It doesn’t hurt that Natalie Portman looks a lot like Jackie. Dressed in pearls and a classic 1960s suit with a perfect bouffant hairstyle, she’s the spitting image of the former First Lady. But in Chilean filmmaker Pablo Larraín’s Jackie, Portman’s performance goes beyond looks. As Jacqueline Kennedy Onassis, Portman flourishes in one of the best and most deeply human roles of her career.

The Chilean filmmaker, best known for No and The Club, directs a script from Noah Oppenheim (Allegiant, The Maze Runner) about the week following the assassination of John F. Kennedy. The film opens with close-ups of a weary Mrs. Kennedy first walking through a field, then answering the door to an unnamed journalist played by Billy Crudup. The narrative flashes between an interview in the Kennedy’s Massachusetts home and the memories, or I should say stories, she recalls to the journalist. Portman’s Jackie is aware that she’s telling a story of characters, creating legends for people to hold on to at a time when the nation was consumed by shock and mourning.

Before jumping into the tragedy, Larraín invites us to get to know Portman’s Jackie. He cuts to her famous 1962 CBS News broadcast A Tour of the White House with Mrs. John F. Kennedy, with black and white footage of a calm Jackie discussing her $2 million White House restoration project. Portman nails the First Lady’s mannerisms, speaking with careful pauses and a slight bounce to her words that’s bookended with her poised smiles.

Then Larraín gives us a look at the real Jackie Kennedy — or at least his perception of her following the murder of her husband. Here is when the film slips into an agitated daze as the director shows us the Presidential motorcade after Kennedy was shot. The camera hovers above the convertible limousine as it races on the freeway, a Secret Service officer clinging to the back of the car to protect the President and First Lady from any further shots. Larraín fills the sequence with frantic dizziness, capturing the moment’s sense of confusion and terror.

It’s not until much later in the film that he shows us the assassination, again using uncomfortable close-ups to obscure what we can actually see. He puts us right in the car with Jackie, as a cheerful celebratory moment switches into a nightmare in an instant as the shots are fired. The scenes take on a haunting, startling atmosphere with Mica Levi’s score, who composes chilling, screeching tones similar to her work in Under the Skin. With any other filmmaker this music might feel out of place, but paired with Larraín’s shots and editing it weaves a fog of colliding, intense emotions.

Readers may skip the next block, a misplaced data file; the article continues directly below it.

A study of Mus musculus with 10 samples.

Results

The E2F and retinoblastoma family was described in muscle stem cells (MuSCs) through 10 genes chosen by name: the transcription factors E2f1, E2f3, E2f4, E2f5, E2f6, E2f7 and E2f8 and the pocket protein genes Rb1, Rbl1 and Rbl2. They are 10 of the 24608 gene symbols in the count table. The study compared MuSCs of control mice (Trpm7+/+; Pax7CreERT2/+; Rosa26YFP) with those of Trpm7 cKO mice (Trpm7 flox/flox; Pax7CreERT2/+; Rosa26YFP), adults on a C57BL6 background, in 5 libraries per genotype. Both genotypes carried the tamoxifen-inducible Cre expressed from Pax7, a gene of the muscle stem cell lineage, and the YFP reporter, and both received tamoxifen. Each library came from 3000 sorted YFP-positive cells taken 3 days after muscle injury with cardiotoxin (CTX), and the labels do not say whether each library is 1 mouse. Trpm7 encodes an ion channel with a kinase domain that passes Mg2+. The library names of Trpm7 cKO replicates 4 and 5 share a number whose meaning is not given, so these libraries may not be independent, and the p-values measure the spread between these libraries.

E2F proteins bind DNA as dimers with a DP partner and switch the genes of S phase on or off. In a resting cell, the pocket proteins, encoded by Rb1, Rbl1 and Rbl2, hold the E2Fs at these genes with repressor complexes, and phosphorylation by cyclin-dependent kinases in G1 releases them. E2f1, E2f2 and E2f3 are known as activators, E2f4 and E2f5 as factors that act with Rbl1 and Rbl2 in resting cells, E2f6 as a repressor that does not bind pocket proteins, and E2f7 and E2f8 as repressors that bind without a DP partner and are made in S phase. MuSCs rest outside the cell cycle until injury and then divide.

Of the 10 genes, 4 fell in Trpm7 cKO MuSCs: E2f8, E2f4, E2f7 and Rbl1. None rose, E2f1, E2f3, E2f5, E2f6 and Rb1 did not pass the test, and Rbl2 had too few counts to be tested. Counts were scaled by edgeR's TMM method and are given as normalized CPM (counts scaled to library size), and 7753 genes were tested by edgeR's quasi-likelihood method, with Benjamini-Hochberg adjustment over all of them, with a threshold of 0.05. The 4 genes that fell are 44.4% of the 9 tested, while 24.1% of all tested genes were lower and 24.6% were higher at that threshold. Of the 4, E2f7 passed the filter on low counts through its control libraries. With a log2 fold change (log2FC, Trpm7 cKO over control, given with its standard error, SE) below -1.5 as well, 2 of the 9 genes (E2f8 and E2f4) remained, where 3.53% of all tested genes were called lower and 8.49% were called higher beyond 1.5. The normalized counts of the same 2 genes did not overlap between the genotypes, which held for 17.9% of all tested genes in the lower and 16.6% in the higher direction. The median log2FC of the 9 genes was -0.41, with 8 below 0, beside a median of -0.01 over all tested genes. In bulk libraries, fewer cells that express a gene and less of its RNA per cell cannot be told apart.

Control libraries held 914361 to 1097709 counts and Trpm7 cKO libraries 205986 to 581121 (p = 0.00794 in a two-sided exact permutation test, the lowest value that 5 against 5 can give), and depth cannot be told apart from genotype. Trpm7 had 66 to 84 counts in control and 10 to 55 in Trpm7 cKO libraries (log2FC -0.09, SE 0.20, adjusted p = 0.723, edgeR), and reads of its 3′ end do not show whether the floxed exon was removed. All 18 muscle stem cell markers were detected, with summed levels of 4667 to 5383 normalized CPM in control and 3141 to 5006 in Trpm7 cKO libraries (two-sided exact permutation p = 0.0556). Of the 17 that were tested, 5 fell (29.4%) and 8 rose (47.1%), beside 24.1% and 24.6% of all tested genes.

With his use of extreme close-ups, Larraín thrusts us into the vortex of Jackie’s depression, grief, and rage. In one of the film’s most mesmerizing sequences, a loud track from the 1960 musical Camelot blasts from a record player as Jackie slowly spirals downward. She walks through the empty rooms and hallways of the White House, wearing a different gown from her closet in each, pouring more and more glasses of wine and lining up prescription pills on a table. It’s a stunning sequence.

We get more of this intimacy with Portman in scenes that focus solely on her perspective. Right after the assassination Portman looks into the camera as she cries and wipes the blood stains from her face. We pace Air Force One with her as she listens to Peter Sarsgaard’s Robert Kennedy discussing funeral details and as Lyndon B. Johnson (John Carroll Lynch) is sworn in. There are multiple actors crammed into the frame in these moments, but you can’t look away from Portman, who conveys a potent mix of bewilderment, terror, and shock. She manages to express such extreme emotions in a performance full of nuance; Portman’s work in Jackie is on par with her performance in Black Swan, and worthy of another Oscar nomination.

Jackie isn’t an entirely distressing viewing experience, though. Portman adds doses of humor to the film in her scenes with Crudup, revealing herself as a woman who’s smarter and more in control than she may appear to the outside world. Crudup is well-cast as a vigilant, if insensitive, reporter, but when he pushes for details or injects an opinion, Jackie bites back. She grabs his notepad from across the table to look over his notes, and, after taking a giant puff of a cigarette, looks at Crudup straight on and tells him, “I don’t smoke.” These touches of humor make Portman’s Jackie feel more human and relatable, letting us get closer to the woman known through her curated poses and famous photographs.

Larraín’s film shatters the polished presentations of most biopics. Instead of observing its historical subject from behind a glass case, Jackie offers a piercing portrait of a woman’s psychological and emotional journey. We may not know what was going through Jackie’s mind in those days following the assassination of her husband or what it was like to be in that motorcade, but with Larraín we get a version that feels palpably human.